With the rising cost of house prices making the prospect of owning a home for many an increasingly distant sight on the horizon, renting has become a far more common housing option when compared to generations past. Referred to as ‘generation rent’, many young people today are finding it difficult to make their first step onto the property ladder, faced with the prospect of remaining long-term leasers than of becoming first-time buyers.
With this in mind, here at I Want Wallpaper, we wanted to find out the ways in which renters are dealing with living in a house that isn’t their own. We’ve surveyed 2,000 renters aged 18-34 to take a look into renters’ renovations and the steps tenants are taking to make a rented house feel like their home.
How many renters have made renovations to a rented property at their own expense?
Out of the 2,000 renters we surveyed, a massive 71% told us they’d spent their own money renovating and doing up their rented property, leaving just 29% of renters making no changes out of their own pocket.
With renting ever on the rise and longer-term leases more attainable than a mortgage for many, it’s easy to see why tenants would want to take steps to make their homes feel more like their own.
What is the average spend on renters’ renovations over a three-year lease?
To get an idea of how much exactly these renovations are costing the renter, we asked our 2,000 survey participants how much of their own money they had spent throughout the duration of a three-year lease. Our results show us that, at 35%, the average spend by renters was between £201- £300 over three years. 5% of renters had spent £500 or more on renovations during that time and only 10% of renters had spent under £100 of their own money.
With this cost added to the price of monthly rent and bills tenants pay, it’s apparent that renters are investing a lot of their own money into rental properties. For the renters, these renovations can feel like a necessary cost that allows them to make their rented house feel like home. And, while some landlords may be hesitant to agree to tenants’ touch-ups, this trend can, in many respects, be to their benefit too.
Patricia Barber, Chair of the Association of Independent Inventory Clerks (AIIC) has stated of this trend: “It’s clear that tenants are increasingly willing to spend their own money on improving their rental property and this is certainly something landlords should think about… we’re seeing more long-term tenants and they’re clearly committed to living in a higher standard of property. Landlords who cautiously allow tenants to put their own stamp on a property could benefit from a lower turnover of tenants and an improved and well-maintained property at the end of the contract.”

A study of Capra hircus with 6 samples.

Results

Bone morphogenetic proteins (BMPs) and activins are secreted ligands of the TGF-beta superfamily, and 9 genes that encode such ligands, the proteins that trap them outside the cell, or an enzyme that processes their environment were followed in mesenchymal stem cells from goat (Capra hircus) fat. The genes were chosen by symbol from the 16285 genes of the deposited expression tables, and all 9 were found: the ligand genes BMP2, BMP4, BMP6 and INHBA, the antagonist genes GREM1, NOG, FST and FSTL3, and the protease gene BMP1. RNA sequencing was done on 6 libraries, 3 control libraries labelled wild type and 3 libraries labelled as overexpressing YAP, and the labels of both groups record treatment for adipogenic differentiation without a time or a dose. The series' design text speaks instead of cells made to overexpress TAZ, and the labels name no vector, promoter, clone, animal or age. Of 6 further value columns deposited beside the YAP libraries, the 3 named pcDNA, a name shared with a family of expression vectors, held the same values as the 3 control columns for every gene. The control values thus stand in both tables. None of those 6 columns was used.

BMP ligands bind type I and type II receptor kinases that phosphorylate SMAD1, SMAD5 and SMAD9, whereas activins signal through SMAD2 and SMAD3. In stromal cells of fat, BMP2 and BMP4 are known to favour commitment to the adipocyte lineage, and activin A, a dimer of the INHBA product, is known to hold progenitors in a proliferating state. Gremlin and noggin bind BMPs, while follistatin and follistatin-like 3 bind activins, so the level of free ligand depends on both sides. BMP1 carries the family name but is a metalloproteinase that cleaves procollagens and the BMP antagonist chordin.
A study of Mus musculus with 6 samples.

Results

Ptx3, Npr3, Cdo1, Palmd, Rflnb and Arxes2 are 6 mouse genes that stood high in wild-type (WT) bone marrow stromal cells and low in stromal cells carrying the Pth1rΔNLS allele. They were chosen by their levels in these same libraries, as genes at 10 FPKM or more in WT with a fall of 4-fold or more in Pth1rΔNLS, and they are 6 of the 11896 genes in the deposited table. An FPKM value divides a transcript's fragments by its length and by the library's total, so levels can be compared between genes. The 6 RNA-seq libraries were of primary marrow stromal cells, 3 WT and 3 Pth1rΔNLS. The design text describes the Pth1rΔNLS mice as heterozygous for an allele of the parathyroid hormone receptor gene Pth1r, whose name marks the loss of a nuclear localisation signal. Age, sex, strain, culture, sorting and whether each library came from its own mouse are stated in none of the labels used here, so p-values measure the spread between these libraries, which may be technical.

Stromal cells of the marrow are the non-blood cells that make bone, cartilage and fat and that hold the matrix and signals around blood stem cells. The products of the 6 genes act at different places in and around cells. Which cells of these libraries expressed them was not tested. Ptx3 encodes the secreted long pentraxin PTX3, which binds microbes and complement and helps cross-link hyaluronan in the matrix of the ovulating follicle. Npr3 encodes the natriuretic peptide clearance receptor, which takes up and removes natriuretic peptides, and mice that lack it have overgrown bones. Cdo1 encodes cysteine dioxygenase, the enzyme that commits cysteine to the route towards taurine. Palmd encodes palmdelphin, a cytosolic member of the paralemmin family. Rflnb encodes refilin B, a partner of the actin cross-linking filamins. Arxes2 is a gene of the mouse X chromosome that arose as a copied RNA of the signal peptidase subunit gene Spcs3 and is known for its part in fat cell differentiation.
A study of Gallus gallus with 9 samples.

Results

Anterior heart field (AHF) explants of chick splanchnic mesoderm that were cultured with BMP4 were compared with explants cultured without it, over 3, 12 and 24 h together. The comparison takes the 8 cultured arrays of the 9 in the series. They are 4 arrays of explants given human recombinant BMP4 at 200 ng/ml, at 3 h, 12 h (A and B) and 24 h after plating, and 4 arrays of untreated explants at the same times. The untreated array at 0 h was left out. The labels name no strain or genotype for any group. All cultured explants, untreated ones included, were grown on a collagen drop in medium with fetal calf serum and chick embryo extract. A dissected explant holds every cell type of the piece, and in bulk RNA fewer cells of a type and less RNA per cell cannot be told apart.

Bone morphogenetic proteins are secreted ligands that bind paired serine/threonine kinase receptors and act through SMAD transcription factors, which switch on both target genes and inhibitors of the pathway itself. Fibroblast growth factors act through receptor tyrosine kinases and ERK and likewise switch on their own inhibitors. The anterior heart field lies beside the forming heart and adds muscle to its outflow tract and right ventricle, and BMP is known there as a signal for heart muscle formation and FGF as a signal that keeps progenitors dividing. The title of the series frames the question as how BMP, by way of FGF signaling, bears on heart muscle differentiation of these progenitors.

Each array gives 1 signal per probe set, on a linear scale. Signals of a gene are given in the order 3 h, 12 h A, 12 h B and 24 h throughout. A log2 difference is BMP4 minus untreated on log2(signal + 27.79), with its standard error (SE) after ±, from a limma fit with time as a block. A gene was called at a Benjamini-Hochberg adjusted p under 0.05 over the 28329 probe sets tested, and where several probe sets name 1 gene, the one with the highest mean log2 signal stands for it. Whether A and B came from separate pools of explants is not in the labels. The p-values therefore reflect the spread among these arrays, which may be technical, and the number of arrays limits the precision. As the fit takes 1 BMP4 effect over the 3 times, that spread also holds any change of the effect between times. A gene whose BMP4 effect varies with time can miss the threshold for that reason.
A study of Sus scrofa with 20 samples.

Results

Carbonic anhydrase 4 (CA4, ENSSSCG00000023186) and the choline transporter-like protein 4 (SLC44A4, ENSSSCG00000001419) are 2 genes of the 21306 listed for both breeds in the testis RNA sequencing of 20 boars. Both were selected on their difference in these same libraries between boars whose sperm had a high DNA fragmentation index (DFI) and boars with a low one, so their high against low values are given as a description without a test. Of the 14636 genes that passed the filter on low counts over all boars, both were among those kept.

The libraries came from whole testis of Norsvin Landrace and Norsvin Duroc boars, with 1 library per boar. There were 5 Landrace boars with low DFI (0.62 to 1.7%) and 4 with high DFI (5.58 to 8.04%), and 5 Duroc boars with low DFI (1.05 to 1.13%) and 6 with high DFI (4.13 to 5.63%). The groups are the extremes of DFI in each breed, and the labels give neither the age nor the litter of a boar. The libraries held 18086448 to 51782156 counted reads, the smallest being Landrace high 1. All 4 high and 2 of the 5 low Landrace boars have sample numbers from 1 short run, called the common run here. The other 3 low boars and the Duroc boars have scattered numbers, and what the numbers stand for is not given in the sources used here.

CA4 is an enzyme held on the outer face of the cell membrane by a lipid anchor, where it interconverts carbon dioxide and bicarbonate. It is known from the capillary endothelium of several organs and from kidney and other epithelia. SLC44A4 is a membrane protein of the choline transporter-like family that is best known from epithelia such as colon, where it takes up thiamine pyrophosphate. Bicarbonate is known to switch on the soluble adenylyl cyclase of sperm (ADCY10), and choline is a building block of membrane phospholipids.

Which regions in England are spending the most?
When we took a look into the average spend of tenants by region, our results showed us that renters in the West Midlands are spending the most over a three-year period, with an average spend of £450.
This is followed by the North West and Yorkshire and Humber with an average of £350 over three years. The East and South East of England both spend on average £300, in stark contrast to the South West at £150. Tenants in the East Midlands are spending on average £250, followed by the North East and Greater London with £200 over a three-year lease.
And which are the most common renovations made to rented properties?
So, we’ve established which areas are spending the most and how much they’re spending, but once we looked at the why and the where, we also wanted to know how tenants go about making their renovations to their rental property.
Our survey results showed us that the most common change 95% of our tenants made was changing lightbulbs, with 81% of those changing to energy efficient bulbs – a common way to reduce the monthly electric bill. As expected, some of the other most common changes we found tenants are making are simple, non-permanent renovations and changes to home decor. A huge 93% of our tenants told us they’d added rugs to a rented property, 89% changed cushions, 85% have changed light fixtures and 82% have hung up wall art during a tenancy, all popular tricks that allow them to add a personal touch to sparse decor, bare magnolia walls and basic furniture without leaving a trace behind.
Alongside these expected homely changes and cleaning work, many tenants confirmed they’d made larger renovations to their rentals. 79% said they have added extra storage to a rental property, with 51% installing shelves. 43% told us they’d hung a new curtain rail, while many also made changes to the appearance of the walls. 78% had painted a feature wall, 65% a full room and 62% had created a feature wall using wallpaper. Wallpaper has become an increasingly popular choice for many tenants, as options such as temporary wallpaper are a great way to add character to a room and are easy to remove when the tenancy ends.
With current house prices reducing the numbers of first-time buyers and the number of middle-aged renters doubling within the last decade, renting is becoming an increasingly common option for many. From small tweaks to larger renovations, it’s apparent from our survey that the majority of tenants are putting their own money towards renovating properties to varying degrees in order to make their rented house feel like home. With more people renting and renters’ renovations a common occurrence, it seems the nature of letting may be changing to accommodate generation rent.